The secret to humor is surprise.

Why does Aristotle reckon that the secret to humor is surprise?


What does Aristotle's Rhetoric say? In Book 3, chapter 11, we find the following passage:

And what Theodorus calls “novel expressions” arise when what follows is paradoxical, and, as he puts it, not in accordance with our previous expectation; just as humorists make use of slight changes in words. The same effect is produced by jokes that turn on a change of letter; for they are deceptive. These novelties occur in poetry as well as in prose; for instance, the following verse does not finish as the hearer expected:

“And he strode on, under his feet—chilblains,”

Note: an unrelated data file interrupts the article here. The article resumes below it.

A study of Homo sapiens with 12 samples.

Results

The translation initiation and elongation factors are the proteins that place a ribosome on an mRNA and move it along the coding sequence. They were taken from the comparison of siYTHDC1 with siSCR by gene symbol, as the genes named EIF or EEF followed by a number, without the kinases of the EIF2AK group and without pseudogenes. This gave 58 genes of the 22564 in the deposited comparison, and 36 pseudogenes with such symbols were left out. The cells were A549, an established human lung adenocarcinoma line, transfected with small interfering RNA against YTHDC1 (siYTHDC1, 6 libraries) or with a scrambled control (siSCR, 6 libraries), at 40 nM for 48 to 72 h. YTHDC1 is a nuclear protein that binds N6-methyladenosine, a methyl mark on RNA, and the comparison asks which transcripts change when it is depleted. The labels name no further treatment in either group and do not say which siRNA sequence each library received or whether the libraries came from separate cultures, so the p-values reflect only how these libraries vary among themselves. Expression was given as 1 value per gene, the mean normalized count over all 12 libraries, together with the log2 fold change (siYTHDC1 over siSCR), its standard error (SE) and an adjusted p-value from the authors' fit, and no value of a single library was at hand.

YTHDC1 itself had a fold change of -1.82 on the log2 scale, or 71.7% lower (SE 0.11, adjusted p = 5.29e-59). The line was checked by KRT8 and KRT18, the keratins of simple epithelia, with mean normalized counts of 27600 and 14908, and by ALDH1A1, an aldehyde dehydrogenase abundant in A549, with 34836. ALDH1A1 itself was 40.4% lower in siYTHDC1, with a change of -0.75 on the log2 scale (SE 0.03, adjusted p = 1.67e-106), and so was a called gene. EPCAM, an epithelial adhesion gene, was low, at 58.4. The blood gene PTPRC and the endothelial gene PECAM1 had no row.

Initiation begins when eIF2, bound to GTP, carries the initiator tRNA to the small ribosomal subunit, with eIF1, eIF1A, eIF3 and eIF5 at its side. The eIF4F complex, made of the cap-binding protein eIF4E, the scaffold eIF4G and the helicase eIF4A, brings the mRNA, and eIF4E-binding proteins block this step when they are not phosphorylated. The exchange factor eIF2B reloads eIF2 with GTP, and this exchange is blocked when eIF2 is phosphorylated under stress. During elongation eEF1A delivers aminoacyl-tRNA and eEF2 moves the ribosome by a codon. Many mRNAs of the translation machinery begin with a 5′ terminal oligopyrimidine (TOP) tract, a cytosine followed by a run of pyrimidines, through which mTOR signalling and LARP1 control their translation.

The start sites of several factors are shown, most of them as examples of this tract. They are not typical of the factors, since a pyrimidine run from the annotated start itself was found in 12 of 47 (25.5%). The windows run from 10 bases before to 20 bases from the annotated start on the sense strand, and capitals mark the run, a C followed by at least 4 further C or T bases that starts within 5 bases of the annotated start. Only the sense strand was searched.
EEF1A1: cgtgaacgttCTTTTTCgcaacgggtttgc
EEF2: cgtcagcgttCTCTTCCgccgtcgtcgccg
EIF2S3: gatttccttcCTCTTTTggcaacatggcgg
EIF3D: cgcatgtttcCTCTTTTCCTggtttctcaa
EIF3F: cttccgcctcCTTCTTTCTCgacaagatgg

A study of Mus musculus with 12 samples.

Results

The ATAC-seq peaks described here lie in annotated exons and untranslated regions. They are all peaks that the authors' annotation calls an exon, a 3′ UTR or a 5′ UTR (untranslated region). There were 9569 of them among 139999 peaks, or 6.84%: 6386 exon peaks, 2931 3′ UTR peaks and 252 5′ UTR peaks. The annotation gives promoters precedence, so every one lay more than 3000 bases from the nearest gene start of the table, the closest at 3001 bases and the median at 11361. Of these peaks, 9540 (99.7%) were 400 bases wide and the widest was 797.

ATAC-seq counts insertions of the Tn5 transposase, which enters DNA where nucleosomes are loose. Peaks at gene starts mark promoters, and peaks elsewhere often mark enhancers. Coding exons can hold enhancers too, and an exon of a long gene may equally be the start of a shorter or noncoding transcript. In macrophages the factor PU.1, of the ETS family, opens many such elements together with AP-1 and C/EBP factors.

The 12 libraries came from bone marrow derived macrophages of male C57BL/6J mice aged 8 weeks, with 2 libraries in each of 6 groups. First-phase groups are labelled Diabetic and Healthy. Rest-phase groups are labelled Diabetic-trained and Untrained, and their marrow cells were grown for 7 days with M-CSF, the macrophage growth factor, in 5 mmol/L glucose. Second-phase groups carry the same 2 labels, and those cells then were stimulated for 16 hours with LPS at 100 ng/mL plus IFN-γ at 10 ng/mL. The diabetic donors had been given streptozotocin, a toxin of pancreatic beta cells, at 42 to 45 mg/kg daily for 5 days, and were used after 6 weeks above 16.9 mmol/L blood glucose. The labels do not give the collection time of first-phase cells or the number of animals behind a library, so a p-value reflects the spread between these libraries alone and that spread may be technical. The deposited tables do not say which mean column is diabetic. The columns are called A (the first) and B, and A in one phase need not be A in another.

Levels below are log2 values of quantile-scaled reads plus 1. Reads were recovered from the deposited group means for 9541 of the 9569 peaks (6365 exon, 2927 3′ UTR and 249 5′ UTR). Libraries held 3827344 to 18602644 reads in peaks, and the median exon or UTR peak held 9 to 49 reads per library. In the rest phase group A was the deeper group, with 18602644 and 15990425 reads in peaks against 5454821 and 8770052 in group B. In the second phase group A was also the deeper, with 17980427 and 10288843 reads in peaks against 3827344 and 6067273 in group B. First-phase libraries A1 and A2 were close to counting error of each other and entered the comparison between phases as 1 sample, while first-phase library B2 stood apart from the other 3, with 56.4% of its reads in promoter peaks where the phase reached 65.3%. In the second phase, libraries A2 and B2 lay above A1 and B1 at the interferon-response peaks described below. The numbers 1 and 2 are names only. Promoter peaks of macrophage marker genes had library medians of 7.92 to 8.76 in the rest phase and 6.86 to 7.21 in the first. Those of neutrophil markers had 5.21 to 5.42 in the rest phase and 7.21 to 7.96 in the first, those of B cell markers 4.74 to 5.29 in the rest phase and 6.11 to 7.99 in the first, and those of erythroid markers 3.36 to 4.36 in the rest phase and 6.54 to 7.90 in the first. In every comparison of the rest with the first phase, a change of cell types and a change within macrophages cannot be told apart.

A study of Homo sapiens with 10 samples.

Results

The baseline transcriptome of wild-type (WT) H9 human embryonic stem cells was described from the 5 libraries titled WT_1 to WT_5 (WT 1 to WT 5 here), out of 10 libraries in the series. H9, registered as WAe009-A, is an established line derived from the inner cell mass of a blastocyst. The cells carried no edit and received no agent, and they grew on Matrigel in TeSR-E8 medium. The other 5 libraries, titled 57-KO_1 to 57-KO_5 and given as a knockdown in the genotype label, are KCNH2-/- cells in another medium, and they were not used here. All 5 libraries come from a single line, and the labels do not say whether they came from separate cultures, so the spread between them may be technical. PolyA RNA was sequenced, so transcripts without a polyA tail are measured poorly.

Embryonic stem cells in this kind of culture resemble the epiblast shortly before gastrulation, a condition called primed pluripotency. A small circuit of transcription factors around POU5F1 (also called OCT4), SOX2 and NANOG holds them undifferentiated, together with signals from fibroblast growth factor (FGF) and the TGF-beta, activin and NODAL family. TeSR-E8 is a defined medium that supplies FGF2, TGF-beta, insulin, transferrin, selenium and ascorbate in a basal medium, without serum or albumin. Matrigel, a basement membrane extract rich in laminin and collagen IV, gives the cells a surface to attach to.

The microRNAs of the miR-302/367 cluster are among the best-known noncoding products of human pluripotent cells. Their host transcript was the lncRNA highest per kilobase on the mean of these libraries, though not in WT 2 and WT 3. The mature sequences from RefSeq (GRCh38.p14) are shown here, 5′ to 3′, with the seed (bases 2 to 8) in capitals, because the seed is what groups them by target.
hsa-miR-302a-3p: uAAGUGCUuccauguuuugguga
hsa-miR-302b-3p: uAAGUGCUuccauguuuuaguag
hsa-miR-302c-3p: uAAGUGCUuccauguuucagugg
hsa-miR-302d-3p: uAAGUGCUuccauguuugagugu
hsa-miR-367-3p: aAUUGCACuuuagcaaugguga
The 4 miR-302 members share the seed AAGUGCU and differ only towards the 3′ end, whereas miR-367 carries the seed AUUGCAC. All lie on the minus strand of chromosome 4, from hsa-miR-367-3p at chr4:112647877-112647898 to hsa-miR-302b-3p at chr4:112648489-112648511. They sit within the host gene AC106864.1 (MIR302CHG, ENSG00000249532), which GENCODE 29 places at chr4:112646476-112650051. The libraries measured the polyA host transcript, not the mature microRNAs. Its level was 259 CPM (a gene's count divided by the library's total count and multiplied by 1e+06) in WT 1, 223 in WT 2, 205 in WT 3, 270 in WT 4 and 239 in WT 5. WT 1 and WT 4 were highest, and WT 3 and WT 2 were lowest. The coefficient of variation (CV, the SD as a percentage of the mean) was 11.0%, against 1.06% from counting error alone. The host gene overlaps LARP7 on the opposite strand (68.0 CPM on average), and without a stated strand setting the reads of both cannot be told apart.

The above comes fairly close to the claim that "the secret to humor is surprise" but I have not found evidence that Aristotle used that terse formulation.


“The secret to humor is surprise” —Aristotle

The Bathroom Readers’ Institute, ed. (2004). Uncle John’s Colossal Collection of Quotable Quotes, p. 22. Oregon: Bathroom Readers’ Press.

Suffice it to say that the “Bathroom Readers’ Institute” is not a scholarly or reliable source, and either one of the contributors to this volume invented the quotation, or else they took it from some other, equally unreliable, source.

Aristotle actually says (roughly speaking) that the secret to tragedy is surprise:

But again, Tragedy is an imitation not only of a complete action, but of events terrible and pitiful. Such an effect is best produced when the events come on us by surprise; and the effect is heightened when, at the same time, they follow from one another.

Aristotle. Poetics, IX.11. Translated by S. H. Butcher (1898). The Poetics of Aristotle, p. 39. London: Macmillan.